Bank of America (NYSE:BAC) shares have been in a strong uptrend and this coincides with the significant rally for the S&P 500 Index (NYSEARCA:SPY). However, nothing goes up forever, and even as Bank of America shares and this market seem to shrug off bad news with ease, I think some issues will eventually come home to roost. It would not be surprising to see bank stocks rise and stay strong into earnings season and then perhaps pull back once earnings are reported. This pattern has occurred in the past and with the gains most bank stocks have seen, a post-earnings drop seems likely this time as well. There are a number of macro and company-specific reasons for a pullback in BofA shares, so let's take a look at both, starting with the macro issues:
1) As the chart above shows, the market is simply overbought now. Yes, you could have said that a day ago, a week ago or more, but eventually something is likely to create a pullback. While the bulls have been enjoying this rally and can claim they were right, the problem is that the higher the market goes, the bigger the next correction might be. The S&P 500 Index is now extended well above the 50- and 200-day moving average and the same can be said for BofA:
2) As the chart above shows, Bank of America shares are also extended. The stock trades above the 50-day moving average of about $11.89, and well above the 200-day moving average, which is around $10 per share. In a market correction or banking sector sell-off, BofA shares might be heading back towards the $10 level, which is the 200-day average.
3) A recent CNBC article points out that in 2013, big bank stocks have gained nearly 10% on average, although this sector has started to trail in the past month. The article details concerns that Goldman Sachs (NYSE:GS) has for the banking sector after the big recent gains, and it states:
Goldman took down earnings forecasts for some of the industry's
biggest players, cutting Morgan Stanley by 17 percent, Bank of America by 15 percent and dropping Citigroup, which it actually says it still likes, by 13 percent.
"The past few years have shown that bank stocks gain over 10 percent in 1Q only to lose 9 percent in 2Q when out-year estimates start to decline," Goldman said. "With 1Q earnings likely to be weak, we see the risk that history repeats itself with the start of another negative (earnings) revision cycle."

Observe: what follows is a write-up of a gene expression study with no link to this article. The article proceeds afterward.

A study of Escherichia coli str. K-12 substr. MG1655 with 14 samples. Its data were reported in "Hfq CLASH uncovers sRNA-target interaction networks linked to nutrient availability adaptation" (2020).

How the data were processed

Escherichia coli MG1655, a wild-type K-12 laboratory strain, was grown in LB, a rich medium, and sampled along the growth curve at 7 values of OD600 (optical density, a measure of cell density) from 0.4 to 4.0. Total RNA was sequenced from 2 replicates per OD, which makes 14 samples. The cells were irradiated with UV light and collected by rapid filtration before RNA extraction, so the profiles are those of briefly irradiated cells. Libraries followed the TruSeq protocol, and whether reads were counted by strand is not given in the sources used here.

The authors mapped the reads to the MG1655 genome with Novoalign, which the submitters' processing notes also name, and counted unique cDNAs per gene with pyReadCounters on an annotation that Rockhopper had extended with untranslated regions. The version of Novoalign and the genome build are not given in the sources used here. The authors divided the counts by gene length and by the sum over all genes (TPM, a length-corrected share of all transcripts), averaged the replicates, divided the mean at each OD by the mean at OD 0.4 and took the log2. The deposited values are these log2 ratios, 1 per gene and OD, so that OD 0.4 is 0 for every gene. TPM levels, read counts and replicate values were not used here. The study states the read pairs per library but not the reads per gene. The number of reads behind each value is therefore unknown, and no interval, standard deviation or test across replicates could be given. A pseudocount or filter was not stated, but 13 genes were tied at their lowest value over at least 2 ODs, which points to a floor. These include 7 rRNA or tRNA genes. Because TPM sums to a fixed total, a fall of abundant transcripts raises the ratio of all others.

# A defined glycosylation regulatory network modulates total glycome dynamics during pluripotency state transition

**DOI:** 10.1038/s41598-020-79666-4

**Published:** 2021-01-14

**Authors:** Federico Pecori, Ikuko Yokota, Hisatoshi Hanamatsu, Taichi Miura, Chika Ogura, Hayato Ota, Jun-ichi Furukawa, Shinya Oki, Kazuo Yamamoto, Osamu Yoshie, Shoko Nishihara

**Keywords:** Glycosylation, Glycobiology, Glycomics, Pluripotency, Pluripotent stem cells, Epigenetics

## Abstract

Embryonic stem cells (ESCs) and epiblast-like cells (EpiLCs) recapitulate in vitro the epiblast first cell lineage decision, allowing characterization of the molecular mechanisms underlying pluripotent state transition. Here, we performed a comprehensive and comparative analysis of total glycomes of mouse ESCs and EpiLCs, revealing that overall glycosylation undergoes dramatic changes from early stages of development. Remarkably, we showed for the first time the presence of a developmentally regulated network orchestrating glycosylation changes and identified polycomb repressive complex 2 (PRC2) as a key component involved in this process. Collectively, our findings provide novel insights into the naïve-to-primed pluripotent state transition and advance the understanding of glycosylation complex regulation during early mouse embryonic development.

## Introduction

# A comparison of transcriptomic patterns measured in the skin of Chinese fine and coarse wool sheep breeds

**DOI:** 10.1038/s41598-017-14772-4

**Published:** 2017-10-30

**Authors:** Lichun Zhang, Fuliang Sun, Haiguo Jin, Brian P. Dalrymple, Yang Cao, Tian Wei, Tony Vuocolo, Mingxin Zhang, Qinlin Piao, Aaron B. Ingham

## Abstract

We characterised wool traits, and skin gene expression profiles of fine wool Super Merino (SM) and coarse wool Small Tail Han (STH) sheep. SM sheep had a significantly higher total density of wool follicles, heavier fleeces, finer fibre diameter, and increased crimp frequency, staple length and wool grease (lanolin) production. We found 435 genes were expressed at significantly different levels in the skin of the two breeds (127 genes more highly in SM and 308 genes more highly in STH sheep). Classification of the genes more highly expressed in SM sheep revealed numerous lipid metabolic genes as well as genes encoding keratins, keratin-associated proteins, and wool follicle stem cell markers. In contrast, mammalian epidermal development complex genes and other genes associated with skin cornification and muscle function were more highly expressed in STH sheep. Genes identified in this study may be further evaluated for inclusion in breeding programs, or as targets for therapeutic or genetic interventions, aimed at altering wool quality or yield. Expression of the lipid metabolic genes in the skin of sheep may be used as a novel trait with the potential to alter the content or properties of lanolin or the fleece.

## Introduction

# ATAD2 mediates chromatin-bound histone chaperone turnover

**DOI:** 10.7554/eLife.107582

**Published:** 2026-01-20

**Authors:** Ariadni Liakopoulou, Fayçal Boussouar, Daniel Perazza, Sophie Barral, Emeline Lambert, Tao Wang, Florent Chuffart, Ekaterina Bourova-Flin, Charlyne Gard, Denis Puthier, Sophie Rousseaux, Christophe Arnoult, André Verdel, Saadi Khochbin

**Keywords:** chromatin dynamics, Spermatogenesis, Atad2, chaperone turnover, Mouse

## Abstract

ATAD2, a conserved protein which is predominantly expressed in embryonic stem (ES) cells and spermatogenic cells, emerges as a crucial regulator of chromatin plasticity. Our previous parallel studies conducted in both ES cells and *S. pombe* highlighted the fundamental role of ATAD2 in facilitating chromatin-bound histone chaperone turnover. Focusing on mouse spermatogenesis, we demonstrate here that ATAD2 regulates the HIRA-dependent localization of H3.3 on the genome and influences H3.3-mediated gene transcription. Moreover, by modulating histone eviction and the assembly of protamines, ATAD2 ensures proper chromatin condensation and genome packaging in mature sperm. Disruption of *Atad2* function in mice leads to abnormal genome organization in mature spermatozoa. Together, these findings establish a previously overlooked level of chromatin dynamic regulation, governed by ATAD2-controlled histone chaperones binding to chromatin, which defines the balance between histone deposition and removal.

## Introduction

For the first quarter of 2013, Goldman Sachs is expecting banks to
report a contraction in loan growth, and lower profits in capital
markets since merger and acquisition deals declined in March. There
were also fewer initial public offerings in March when compared to
prior months. Since Merrill Lynch is owned by Bank of America, this
slowdown could hurt profits.
4) Guidance for BofA and other big banks could also be disappointing. There have been some recent signs of weakness in the economy, and that could come into focus when earnings are released. The budget sequester in March could start to impact the economy soon but there are already signs of an economic slowdown. The March unemployment report was particularly weak and the March ISM on services sector activity showed the lowest level of growth in seven months.
5) On top of all of these factors, the markets are soon coming up against the old adage, "sell in May and go away." Many investors and traders like to cash in and take profits before going on vacation. With gains of about 10% for the S&P 500 Index, many hedge funds, traders and other investors might be content to take gains in BofA and other stocks soon and go away for vacation. That's why this stock could be poised to pull back to about $11 or so, in the coming weeks.
Here are some key points for BAC:
Current share price: $12.28
The 52-week range is $6.72 to $12.94
Earnings estimates for 2013: $1
Earnings estimates for 2014: $1.30
Annual dividend: 4 cents per share, which yields .3%
Data sourced from Yahoo Finance. No guarantees or representations are made.
Disclaimer: Hawkinvest is not a registered investment advisor and does not provide specific investment advice. The information is for informational purposes only. You should always consult a financial advisor.